When police officers in New Mexico and around the country perform warrantless searches without probable cause or obtain search warrants based on false or misleading information, the evidence they gather is likely to be ruled inadmissible in court. Judges may also exclude any evidence that is obtained as a result of the illegal search. The problematic search is known as the “poisonous tree,” and any evidence it gives rise to is considered “fruit of the poisonous tree.” This legal rule was created in 1920 when the U.S. Supreme Court ruled in the case Silverthorne Lumber Co. v. United States.

There are a number of exceptions to the fruit of the poisonous tree rule. This type of evidence is most commonly admitted when prosecutors are able to convince judges that police would have inevitably discovered it thorough other investigative means. Illegally obtained evidence may also be admitted when its connection to an illegal search is remote. In the eyes of the law, this kind of evidence is so attenuated that it is no longer tainted by the poisonous tree.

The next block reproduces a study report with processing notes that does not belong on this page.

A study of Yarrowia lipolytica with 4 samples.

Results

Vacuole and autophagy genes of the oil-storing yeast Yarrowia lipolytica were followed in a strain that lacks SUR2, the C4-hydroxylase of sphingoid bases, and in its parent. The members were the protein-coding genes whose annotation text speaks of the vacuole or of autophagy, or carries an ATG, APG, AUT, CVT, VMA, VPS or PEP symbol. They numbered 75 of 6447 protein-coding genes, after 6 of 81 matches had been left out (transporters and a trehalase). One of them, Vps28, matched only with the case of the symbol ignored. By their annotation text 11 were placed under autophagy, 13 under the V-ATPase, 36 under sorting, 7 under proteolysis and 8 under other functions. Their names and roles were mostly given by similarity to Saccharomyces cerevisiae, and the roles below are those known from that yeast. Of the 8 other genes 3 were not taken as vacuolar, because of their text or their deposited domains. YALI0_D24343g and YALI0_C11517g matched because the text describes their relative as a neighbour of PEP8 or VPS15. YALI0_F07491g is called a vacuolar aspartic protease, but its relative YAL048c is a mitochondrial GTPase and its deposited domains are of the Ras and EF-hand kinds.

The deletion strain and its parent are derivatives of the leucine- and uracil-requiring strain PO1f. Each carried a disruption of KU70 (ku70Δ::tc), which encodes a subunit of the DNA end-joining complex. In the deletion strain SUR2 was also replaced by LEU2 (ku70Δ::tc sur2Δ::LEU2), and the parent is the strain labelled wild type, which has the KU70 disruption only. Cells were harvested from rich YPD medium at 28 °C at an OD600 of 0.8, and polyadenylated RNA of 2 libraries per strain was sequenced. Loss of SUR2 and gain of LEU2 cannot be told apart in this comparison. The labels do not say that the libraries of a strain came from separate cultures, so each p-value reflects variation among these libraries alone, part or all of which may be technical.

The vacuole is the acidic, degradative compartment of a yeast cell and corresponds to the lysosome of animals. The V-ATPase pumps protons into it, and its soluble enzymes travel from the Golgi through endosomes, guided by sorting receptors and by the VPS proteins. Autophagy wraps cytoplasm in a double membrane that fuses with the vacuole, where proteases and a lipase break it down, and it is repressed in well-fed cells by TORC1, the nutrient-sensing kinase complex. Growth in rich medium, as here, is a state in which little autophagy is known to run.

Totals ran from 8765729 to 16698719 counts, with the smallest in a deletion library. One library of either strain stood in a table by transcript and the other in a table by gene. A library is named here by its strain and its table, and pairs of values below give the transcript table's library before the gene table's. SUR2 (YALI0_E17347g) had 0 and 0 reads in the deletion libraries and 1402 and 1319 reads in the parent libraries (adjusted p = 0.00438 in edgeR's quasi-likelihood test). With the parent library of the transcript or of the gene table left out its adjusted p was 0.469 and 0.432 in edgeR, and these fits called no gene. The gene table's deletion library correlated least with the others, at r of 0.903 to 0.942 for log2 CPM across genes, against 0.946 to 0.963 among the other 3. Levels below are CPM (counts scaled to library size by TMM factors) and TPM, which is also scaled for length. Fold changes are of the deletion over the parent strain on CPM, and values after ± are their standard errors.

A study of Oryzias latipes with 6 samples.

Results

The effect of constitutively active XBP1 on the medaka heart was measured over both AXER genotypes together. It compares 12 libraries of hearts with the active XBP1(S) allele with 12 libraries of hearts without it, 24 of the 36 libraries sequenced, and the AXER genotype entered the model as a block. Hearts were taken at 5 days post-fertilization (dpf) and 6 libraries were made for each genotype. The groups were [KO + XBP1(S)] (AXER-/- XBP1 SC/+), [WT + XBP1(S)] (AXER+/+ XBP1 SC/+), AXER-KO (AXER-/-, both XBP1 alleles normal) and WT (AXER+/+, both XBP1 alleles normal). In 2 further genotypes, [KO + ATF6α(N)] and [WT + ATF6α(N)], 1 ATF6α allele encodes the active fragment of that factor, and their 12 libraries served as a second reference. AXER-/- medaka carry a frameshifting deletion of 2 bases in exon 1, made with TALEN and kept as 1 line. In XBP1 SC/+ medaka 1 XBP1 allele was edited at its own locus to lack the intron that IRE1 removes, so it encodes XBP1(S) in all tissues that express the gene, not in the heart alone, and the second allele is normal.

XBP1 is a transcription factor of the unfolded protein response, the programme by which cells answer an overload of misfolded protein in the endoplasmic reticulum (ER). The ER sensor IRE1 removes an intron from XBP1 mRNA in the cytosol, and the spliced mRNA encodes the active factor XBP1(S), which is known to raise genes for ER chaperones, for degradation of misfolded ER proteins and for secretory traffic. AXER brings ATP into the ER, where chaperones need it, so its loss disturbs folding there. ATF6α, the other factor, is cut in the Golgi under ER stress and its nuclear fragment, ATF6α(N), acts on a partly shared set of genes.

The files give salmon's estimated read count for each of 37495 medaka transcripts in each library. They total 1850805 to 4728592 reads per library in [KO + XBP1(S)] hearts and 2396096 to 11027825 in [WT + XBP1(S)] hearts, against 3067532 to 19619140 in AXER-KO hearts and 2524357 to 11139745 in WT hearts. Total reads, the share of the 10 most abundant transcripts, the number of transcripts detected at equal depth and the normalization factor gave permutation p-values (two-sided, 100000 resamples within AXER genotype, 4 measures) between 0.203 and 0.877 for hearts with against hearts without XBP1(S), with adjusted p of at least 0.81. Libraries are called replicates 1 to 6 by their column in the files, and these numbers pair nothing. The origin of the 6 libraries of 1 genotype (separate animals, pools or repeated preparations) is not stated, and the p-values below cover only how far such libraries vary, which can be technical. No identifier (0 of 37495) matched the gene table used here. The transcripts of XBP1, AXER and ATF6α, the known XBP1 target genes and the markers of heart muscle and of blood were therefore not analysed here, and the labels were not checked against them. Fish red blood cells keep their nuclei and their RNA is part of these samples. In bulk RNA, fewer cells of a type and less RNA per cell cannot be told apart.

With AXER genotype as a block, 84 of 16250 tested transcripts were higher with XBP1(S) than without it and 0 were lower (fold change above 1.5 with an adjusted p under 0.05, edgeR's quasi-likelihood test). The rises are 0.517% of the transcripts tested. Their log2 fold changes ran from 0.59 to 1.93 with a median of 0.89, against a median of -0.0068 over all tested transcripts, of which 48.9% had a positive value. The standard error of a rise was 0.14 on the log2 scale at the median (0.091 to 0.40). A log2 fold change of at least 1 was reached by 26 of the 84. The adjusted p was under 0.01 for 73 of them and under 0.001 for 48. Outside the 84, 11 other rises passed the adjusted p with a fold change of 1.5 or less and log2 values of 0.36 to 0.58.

Another exception to the rule deals with evidence that is discovered during an illegal search and is then discovered again legally and independently. This is referred to as independent evidence. When prosecutors argue that excluded evidence should be considered independent evidence, they must convince judges that the original search and subsequent discovery are unconnected.

Experienced criminal law attorneys may mention legal doctrines like the fruit of the poisonous tree rule when they advise their clients about the rights of the accused. Individuals in police custody might feel that their situations are hopeless and cooperation is their only option, but attorneys may point out that the criminal justice system is designed primarily to protect the innocent rather than punish the guilty.